Hope remains that bottom line will not be impacted
The opening day for the commercial Dungeness crab season in Northern California, Oregon and Washington has been delayed to at least Dec. 16 due to early signs of underweight crabs.
Crab quality tests taken in late October and early November indicate that crabs off the coast of Del Norte, Humboldt and Mendocino counties will not have 25 percent meat mass by the scheduled Dec. 1 opener.
The crustaceans are being given a little more time to fatten up in order for commercial fishermen to be able to catch a better product.
The commercial season opened today from Half Moon Bay to Bodega Bay, with fishermen agreeing on a negotiated opening price of $3 per pound, according to the San Jose Mercury News.
Crabs tested from the Crescent City area on Oct. 21 were 15.5 percent meat mass and 16.1 percent on Nov. 5, growing only 0.6 percent in two weeks. That’s much slower than crabs typically grow during good conditions, which is one percentage point per week.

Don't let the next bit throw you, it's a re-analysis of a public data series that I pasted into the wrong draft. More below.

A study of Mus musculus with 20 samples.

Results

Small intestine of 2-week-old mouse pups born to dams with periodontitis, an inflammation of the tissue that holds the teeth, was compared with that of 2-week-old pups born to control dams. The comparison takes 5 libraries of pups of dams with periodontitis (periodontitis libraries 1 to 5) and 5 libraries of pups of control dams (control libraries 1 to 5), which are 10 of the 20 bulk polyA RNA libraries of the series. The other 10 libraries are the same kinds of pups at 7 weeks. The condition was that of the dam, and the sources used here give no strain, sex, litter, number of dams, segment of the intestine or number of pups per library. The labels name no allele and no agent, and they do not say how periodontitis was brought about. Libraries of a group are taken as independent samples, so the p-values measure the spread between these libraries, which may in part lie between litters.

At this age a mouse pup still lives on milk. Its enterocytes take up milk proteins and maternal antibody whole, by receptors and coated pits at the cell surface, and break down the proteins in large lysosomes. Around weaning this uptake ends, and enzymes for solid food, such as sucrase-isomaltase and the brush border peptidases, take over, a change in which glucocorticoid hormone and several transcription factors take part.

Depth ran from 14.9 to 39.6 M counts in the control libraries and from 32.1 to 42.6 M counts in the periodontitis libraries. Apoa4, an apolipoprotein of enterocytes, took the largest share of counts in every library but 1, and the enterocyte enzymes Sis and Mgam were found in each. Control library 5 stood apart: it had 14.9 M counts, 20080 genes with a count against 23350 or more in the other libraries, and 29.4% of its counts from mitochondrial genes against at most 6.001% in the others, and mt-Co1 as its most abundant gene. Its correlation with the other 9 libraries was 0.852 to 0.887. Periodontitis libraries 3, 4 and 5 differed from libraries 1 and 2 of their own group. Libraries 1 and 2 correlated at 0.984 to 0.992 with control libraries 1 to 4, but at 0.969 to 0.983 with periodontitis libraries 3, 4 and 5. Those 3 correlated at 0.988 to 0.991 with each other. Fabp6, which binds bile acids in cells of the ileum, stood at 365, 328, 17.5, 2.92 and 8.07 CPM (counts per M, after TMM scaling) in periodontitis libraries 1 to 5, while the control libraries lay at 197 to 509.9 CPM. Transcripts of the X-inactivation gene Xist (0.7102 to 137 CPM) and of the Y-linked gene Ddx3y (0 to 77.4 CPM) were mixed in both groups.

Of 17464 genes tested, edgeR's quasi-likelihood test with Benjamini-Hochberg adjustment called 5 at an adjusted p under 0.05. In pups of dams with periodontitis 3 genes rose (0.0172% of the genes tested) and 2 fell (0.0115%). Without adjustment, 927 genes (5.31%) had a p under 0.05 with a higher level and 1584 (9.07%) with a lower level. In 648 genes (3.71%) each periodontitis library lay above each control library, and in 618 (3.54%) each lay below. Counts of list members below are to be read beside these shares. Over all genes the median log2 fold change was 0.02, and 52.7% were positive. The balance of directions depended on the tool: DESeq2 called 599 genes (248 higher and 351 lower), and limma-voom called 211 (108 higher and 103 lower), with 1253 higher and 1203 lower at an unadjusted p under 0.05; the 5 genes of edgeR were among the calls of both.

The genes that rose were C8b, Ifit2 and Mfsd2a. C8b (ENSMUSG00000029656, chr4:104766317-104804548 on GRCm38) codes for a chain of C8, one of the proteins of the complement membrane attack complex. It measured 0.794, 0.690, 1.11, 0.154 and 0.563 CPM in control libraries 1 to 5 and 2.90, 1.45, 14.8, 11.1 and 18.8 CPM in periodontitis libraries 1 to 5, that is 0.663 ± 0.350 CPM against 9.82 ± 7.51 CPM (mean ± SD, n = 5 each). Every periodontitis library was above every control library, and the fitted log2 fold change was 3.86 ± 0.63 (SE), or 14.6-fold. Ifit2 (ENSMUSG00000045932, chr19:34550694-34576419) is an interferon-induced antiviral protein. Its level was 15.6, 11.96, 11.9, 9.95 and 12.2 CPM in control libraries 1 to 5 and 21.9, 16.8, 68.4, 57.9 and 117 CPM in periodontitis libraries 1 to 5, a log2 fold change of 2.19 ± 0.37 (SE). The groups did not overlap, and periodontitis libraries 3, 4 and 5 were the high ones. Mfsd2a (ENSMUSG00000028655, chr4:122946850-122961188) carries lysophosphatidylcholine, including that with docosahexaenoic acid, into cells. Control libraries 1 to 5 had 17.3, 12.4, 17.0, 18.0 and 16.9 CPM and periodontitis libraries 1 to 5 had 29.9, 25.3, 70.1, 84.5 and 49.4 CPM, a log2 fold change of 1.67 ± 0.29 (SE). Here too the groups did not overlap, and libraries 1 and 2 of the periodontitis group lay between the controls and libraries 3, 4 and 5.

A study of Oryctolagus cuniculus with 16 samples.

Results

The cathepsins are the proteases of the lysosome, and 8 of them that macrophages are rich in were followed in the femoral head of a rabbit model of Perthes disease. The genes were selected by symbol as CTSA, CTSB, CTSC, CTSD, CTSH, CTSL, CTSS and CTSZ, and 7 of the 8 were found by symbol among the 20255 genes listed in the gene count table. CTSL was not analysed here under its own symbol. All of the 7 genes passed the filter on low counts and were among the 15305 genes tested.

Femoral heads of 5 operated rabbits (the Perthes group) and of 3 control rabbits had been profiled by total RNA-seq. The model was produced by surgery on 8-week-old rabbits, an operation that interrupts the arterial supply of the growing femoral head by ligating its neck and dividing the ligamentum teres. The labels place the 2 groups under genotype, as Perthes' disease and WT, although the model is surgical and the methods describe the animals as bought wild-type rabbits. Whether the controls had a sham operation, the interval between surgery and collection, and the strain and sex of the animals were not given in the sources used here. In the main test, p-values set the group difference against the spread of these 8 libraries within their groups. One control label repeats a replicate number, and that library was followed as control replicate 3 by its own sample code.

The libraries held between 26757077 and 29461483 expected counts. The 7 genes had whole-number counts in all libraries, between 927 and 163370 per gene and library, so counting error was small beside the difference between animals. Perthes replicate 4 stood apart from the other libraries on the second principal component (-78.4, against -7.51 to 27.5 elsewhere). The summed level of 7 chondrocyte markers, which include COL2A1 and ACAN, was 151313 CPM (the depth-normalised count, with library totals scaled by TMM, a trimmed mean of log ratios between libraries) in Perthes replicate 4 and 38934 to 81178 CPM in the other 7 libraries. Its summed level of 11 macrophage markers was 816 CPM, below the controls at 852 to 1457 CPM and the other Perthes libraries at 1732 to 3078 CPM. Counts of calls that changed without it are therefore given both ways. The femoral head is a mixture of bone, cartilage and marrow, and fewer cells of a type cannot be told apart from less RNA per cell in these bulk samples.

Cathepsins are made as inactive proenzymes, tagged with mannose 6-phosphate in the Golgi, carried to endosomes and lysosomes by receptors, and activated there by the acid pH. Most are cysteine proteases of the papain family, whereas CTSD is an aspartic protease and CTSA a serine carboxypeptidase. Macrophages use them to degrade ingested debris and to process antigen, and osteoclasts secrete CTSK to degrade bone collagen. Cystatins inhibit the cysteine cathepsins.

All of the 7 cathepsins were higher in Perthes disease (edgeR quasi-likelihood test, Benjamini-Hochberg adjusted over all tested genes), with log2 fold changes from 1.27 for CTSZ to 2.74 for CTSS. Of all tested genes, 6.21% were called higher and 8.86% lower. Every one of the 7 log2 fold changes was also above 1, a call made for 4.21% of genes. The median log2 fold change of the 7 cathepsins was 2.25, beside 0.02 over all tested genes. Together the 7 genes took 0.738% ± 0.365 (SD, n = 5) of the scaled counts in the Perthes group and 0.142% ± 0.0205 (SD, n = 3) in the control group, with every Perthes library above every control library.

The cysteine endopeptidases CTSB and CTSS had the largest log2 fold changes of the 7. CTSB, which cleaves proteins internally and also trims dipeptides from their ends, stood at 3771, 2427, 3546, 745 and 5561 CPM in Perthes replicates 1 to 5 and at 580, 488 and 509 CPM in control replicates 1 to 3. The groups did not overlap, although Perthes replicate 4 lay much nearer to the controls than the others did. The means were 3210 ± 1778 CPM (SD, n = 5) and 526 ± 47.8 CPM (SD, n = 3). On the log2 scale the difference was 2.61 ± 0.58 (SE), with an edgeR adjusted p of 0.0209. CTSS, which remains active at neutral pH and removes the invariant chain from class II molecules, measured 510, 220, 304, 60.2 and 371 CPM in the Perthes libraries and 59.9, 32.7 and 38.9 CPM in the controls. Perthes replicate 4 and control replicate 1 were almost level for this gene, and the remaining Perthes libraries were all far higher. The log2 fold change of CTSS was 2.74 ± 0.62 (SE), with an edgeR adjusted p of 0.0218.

“We already knew that conditions weren’t that great based on what they started at during the first tests,” said Pete Kalvass, senior marine biologist with California Department of Fish and Game, the department’s lead expert on the Dungeness crab fishery.
Recreational crab fishermen in Crescent City have noticed the obviously light-on-meat crabs.
“There’s a high probability that (the delay) will go beyond 15 days,” Kalvass said.
Crabs can molt at different times of year depending on environmental factors like the upwelling of ocean nutrients and the amount of food on the ocean floor, Kalvass said.
Last year, the Dungeness season experienced the longest delay in at least 20 years, getting pushed to Jan. 15 — the longest the delay that fishery managers can issue.
“Waiting didn’t seem to hurt anybody in any way last year — in fact it seemed to help,” Kalvass said, referencing the record opening price of $3 per pound received by Northern California fishermen and a record year for pounds of Dungeness landed in California with 31,680,250 pounds.
More quality tests will be conducted during the first week of December and fishery managers will make an announcement shortly after as to whether or not the season will be delayed further.